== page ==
Riddle me this: matching ITIL theory to the real world
Calling all you ITIL theorists, philosophers, pontificators and pundits. Marty is back: our follower from the real world, trying to make sense of ITIL on its home grounds, the operations of big iron batch computing. Marty asks what happens after a service is restored? What does ITIL call the function of undoing the damage done while a service was unavailable? I have a view - of course - but I'm going to stay quiet - for a while- and hear what everyone else thinks. So have at it.
I love hearing from Marty (welcome back!) because he has a real job, and in that job he has to make all this waffly theory work. That persepctive results in interesting insights. Here's Marty's question:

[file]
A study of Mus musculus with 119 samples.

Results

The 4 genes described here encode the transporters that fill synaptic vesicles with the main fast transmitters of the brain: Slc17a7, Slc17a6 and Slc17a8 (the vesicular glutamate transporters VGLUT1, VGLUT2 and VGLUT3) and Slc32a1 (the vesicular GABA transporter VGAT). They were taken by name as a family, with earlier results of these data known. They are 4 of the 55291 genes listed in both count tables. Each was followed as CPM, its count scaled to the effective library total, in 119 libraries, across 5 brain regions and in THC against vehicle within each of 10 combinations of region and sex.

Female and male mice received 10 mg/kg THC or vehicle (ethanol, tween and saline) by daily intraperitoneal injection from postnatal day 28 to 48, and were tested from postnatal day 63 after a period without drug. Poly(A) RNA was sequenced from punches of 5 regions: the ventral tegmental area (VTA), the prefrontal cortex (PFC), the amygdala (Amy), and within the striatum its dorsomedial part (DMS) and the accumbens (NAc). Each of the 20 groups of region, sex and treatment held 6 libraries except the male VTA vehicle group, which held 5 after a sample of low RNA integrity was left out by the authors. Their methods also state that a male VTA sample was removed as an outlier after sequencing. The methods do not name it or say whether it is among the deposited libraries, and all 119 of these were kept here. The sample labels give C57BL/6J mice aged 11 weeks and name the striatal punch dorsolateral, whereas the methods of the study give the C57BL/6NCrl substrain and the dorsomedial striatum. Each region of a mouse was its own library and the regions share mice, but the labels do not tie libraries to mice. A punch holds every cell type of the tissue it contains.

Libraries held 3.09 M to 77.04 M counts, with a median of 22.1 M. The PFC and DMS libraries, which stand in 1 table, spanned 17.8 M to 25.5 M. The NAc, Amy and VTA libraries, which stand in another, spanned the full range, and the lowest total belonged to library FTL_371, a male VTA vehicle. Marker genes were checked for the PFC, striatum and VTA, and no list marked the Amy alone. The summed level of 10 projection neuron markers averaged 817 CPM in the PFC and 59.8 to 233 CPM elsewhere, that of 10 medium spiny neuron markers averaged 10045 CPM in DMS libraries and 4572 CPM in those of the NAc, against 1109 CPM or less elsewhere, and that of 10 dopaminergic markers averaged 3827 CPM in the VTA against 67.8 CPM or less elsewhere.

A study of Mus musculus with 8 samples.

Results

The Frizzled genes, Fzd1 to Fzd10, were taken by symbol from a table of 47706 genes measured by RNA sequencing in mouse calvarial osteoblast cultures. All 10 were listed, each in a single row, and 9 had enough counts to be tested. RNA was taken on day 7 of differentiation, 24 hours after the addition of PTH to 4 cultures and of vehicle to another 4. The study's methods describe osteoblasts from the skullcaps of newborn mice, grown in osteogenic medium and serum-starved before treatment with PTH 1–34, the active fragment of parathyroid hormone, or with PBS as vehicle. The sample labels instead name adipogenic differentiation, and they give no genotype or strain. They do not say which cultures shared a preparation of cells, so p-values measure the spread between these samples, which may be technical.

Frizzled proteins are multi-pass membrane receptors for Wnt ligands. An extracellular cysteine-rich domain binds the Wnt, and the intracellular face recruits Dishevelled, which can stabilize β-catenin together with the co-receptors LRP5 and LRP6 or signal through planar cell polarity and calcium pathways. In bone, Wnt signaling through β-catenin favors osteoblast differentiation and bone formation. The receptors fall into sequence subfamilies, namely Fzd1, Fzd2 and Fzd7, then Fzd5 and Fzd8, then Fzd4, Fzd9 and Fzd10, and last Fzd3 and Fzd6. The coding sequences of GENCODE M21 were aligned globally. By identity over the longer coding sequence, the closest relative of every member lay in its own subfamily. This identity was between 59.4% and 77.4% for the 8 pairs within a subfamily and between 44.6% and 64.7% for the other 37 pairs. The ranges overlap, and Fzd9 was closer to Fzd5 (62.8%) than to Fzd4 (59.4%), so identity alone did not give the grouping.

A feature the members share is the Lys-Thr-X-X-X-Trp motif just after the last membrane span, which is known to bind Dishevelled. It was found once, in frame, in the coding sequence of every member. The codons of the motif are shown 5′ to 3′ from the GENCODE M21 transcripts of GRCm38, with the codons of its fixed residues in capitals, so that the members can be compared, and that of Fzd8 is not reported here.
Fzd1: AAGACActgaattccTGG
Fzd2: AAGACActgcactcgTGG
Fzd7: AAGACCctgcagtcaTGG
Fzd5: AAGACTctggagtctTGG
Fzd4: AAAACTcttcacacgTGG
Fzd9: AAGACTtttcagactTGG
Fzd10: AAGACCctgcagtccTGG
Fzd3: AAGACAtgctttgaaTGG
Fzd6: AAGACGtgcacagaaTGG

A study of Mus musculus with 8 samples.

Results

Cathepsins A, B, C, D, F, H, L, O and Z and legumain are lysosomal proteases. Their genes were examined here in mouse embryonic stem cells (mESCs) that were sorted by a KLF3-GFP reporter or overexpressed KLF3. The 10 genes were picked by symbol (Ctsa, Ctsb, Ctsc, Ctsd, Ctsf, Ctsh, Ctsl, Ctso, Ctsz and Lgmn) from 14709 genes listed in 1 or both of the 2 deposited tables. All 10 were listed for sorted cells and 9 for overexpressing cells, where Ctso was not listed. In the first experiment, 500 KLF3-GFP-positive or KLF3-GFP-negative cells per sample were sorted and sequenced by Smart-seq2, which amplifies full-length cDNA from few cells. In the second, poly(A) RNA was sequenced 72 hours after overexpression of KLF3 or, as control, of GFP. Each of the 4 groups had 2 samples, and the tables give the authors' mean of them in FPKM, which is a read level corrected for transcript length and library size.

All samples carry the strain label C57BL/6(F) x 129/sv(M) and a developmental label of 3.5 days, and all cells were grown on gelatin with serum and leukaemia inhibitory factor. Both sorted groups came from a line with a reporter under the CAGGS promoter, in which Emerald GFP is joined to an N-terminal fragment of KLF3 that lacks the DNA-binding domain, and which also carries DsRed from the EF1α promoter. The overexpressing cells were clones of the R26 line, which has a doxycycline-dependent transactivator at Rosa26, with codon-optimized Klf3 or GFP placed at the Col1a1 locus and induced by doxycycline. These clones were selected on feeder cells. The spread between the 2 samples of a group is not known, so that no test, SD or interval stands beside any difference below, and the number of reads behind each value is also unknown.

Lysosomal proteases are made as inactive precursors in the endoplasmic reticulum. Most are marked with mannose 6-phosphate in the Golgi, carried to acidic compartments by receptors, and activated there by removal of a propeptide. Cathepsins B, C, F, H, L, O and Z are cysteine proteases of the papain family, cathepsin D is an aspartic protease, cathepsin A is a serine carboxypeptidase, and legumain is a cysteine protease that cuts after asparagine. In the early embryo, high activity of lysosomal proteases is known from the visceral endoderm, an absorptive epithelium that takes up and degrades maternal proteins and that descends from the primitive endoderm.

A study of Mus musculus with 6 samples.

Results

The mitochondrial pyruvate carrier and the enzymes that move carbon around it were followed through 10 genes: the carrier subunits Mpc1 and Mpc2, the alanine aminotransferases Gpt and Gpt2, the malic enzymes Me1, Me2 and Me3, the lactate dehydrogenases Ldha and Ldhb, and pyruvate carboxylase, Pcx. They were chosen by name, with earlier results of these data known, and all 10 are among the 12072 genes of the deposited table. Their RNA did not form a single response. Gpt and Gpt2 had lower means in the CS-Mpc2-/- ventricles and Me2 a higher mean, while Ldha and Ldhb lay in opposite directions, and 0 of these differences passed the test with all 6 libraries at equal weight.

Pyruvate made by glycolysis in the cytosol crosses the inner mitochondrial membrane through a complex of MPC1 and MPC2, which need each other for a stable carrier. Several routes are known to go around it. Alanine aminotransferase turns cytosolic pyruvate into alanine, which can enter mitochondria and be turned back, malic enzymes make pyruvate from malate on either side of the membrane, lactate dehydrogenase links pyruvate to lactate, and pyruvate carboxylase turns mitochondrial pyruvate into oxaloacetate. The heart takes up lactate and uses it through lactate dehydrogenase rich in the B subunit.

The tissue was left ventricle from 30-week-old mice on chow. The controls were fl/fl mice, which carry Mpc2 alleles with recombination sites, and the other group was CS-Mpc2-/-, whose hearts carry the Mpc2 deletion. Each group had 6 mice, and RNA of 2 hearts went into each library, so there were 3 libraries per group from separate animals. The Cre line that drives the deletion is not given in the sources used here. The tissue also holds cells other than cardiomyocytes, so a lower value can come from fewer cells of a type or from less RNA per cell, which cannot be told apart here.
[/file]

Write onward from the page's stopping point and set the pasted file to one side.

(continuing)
I ask because I am trying to explain to some coworkers the mapping of a real world event to ITIL terms. We have a twice-daily batch job which processes applications for credit. By law, the applications must be decisioned, notifications sent and proper documentation done for each application within a certain number of days after application has been made.
Let's map this to ITIL. The "service" is the processing of applications, correct?
Twice in the last week the job has failed to process several applications from some batches. We discovered the failures because compliance management reports showed a mismatch between inbound and processed applications.
The "incident" would be that the "service" was offline for several applications, correct? Therefore, we have two incidents.
The "problem" is that the "service" goes offline. Let's ignore that the failures generated no alerts.
According to ITIL, each incident has been resolved, because the "service" was available immediately after the failure to process the batch of applications.
Clearly, we cannot just pat ourselves on the back and move on; we must process the missing applications. What is that activity called?
Answers on a stamped self-addressed comment below please.